So this is our most successful Olympics ever. Our athletes will return from Athens with their biggest ever haul of medals, more winners per capita than anywhere on earth. If all this is true, why does it all feel so empty?
Interview: Trading Places
New ACTU International Officer Alison Tate cut her teeth delivering aid to developing nations through APHEDA. Now she is helping chart the global union agenda.
Safety: Snow Job
James Hardie has been drilled into our collective consciousness as a story of power, greed and immorality. It is also, as Jim Marr reports, a tale of human tragedy.
Politics: In the Vanguard
Damien Cahill reveals how neo-liberal think tanks have been at the forefront of the corporate assault upon trade unions and social movements in Australia.
Unions: Gentle Giant Goes For Gold
Donï¿½t get between Sydney sparkie Semir Pepic and a gold medal in a dimly lit alley, writes Tim Brunero.
Bad Boss: 'Porker' Chases Blue Ribbon
Perfect Porker, Darren Vincent, brings a history of meat worker shafting to this monthï¿½s Bad Boss nomination.
International: Cruising For A Bruising
Europeï¿½s big unions are bruised as they watch companies roll over some of their best-organised unionised workplaces demanding longer work hours ï¿½ without any recompense, reports Andrew Casey.
History: Under the Influence
Was John Kerr drunk when he wrote and signed the letter dismissing Edward Gough Whitlam from the Prime Ministership in 1975? Geraldine Willissee investigates.
Economics: Working Capital
Where superannuation fits, where it fails and what we should we do about it. Neale Towart gives the tough answers.
Review: Fahrenheit 9/11
There's many a must see moment in Mike Moore's new flick but beating the propaganda machine at its own game wreaks havoc with wearied bullshit detectors, writes Tara de Boehmler.
Poetry: Bad Intelligence Rap
When Flood washed away the PM's sins, the truth was once again left high and dry.
Satire: Osama Bin Manchu
During a recent visit to an elderly relative in a nursing home, I was waylaid by an ancient gentleman who insisted I listen to what he had to say, writes Rowan Cahill.
Crane Topples at Death Probe
Treasuryï¿½s "Scary" Power Play
Aussie Idol on the Farm
Email Volley Defends Delegate
Hardie Slow on the Uptake
Meatworkers Go Full Monty
Sydney or the Bush
Badge of Honour Signals Row
Libs to Trump Court
Project Champions Working Poor
Jobs Victory on the Border
Scabs in the Valley
Activists What's On!
The Westie Wing
The Labor Governments in each State must take the lead to stop the abuse of corporate law in Australia in the absence of action from the Federal Government, as the Inquiry into James Hardieï¿½s has highlighted, writes Ian West.
Cleaners Deserve Our Support
It's time the state's cleaners were given some support, loyalty and long service leave, writes Chris Christodoulou.
The Locker Room
Half Time At The Football
Phil Doyle wants to have his pie and eat it too.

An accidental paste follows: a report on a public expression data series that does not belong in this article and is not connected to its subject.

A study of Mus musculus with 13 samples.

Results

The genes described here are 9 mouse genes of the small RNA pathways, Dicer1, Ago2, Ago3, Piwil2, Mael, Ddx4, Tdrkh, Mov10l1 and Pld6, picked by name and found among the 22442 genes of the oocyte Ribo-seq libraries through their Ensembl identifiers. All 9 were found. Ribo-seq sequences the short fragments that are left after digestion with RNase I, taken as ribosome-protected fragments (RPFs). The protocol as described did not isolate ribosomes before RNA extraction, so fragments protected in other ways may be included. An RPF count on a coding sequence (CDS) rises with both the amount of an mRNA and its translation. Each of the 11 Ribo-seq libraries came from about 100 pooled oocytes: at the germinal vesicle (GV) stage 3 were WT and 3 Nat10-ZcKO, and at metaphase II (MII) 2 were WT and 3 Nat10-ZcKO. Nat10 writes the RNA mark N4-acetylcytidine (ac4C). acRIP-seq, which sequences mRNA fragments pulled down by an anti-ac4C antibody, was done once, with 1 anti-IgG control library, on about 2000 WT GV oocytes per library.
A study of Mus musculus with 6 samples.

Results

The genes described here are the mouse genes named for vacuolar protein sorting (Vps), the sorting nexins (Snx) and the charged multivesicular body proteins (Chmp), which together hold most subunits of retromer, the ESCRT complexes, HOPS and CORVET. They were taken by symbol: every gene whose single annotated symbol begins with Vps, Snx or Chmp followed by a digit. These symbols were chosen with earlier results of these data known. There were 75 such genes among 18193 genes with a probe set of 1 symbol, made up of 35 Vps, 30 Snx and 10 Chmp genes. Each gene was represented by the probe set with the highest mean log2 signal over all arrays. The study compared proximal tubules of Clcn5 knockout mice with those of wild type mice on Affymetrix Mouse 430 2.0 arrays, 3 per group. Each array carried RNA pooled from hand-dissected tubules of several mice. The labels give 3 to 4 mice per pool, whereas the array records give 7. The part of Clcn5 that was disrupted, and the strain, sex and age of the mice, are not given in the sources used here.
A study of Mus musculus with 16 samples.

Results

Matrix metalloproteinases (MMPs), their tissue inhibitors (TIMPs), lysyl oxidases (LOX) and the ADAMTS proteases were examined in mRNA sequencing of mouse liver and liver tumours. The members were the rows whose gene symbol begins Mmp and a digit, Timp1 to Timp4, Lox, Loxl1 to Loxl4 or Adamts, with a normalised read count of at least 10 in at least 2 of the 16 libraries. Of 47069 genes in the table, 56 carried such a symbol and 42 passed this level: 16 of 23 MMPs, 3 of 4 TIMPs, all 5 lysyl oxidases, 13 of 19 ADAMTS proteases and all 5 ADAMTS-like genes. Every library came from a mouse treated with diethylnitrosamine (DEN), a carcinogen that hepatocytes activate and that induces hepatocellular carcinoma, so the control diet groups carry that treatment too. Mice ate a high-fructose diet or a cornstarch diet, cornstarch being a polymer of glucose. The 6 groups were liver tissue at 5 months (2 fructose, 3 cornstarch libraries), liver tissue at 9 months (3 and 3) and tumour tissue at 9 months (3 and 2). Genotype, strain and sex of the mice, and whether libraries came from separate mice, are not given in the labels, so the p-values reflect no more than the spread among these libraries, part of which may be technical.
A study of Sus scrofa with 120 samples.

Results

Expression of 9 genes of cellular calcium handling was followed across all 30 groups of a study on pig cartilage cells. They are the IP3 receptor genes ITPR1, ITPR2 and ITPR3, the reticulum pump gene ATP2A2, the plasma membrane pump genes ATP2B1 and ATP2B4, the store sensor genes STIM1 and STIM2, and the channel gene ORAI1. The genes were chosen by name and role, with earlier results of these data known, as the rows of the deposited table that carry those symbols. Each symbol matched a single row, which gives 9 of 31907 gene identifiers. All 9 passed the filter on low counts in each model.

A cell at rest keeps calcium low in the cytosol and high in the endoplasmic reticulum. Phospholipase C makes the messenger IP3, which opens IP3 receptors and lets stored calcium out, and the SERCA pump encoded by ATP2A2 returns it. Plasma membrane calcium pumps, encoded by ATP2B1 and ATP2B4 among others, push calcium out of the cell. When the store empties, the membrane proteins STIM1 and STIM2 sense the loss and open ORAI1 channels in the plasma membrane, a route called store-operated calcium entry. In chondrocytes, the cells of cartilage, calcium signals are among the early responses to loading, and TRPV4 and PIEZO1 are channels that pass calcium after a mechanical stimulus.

Frank Mossfield was one of the labour movementï¿½s quiet achievers. Former Labor Council secretary Michael Easson pays tribute.
Watch What they Do
Lessons From East Timor
Just back from a study tour to East Timor, National Reserach Officer with the Construction division of the CFMEU, Ben Stirling, writes about the experience for Workers Online.
Federal Governmentï¿½s promise to trump a court right of entry decision exposes the "big lie" behind AWAs, according to the CFMEU.
Workplace Relations Minister Kevin Andrews, this week, committed a re-elected Coalition Government to re-writing the industrial rulebook to make it clear AWA employees would not have on-the-job access to union advice or assistance.
"This is the Howard Government bending over again for its friends in the mining and resources lobby," the CFMEU's Joe Macdonald said.
"Rio Tinto abd BHP want to run non-union operations where workers don't get a collective say in wages, conditions or safety standards.
"Peter Reith, Tony Abbott and all the rest argued AWAs would enshrine freedom of choice. Now, not only do workers get no choice about whether they are employed on AWAs, but the government will legislate to make sure they don't have the choice of approaching union officials at their workplaces.
"The whole argument for AWAs is a big lie."
Macdonald was speaking days after the CFMEU used its federal court breakthrough to win a 36-hour week and substantial increases for 600 workers on Rio Tinto's Dampier port upgrade.
At least 100 AWA employees of a contractor joined the Dampier action and will benefit from shorter working hours.
"Once we got to the AWA guys and showed them how they were being screwed they joined the campaign," Macdonald said. "That's what Andrews, Rio Tinto and all the rest are scared of - workers making informed choices."
The CFMEU blasted a hole in the government's strategy to deunionise workplaces when the federal court ruled, last month, it could access AWA employees of anti-worker activist, Len Buckeridge, at Burrup Fertilisers.
The court heard uncontested evidence from 40-year industry veteran, Alan Kuret, that the OEA had registered a fraudulent AWA in his name, although he had never seen, let alone signed, the document.
Justice French described as "surprising" OEA evidence that it registered electronically-submitted AWAs outside the 21 days allowed by law.
The court learned that Buckeridge's company bound sub-contractors to employ AWA labour only.
Andrews has not responded to a CFMEU challenge to investigate the OEA and companies that commit fraud.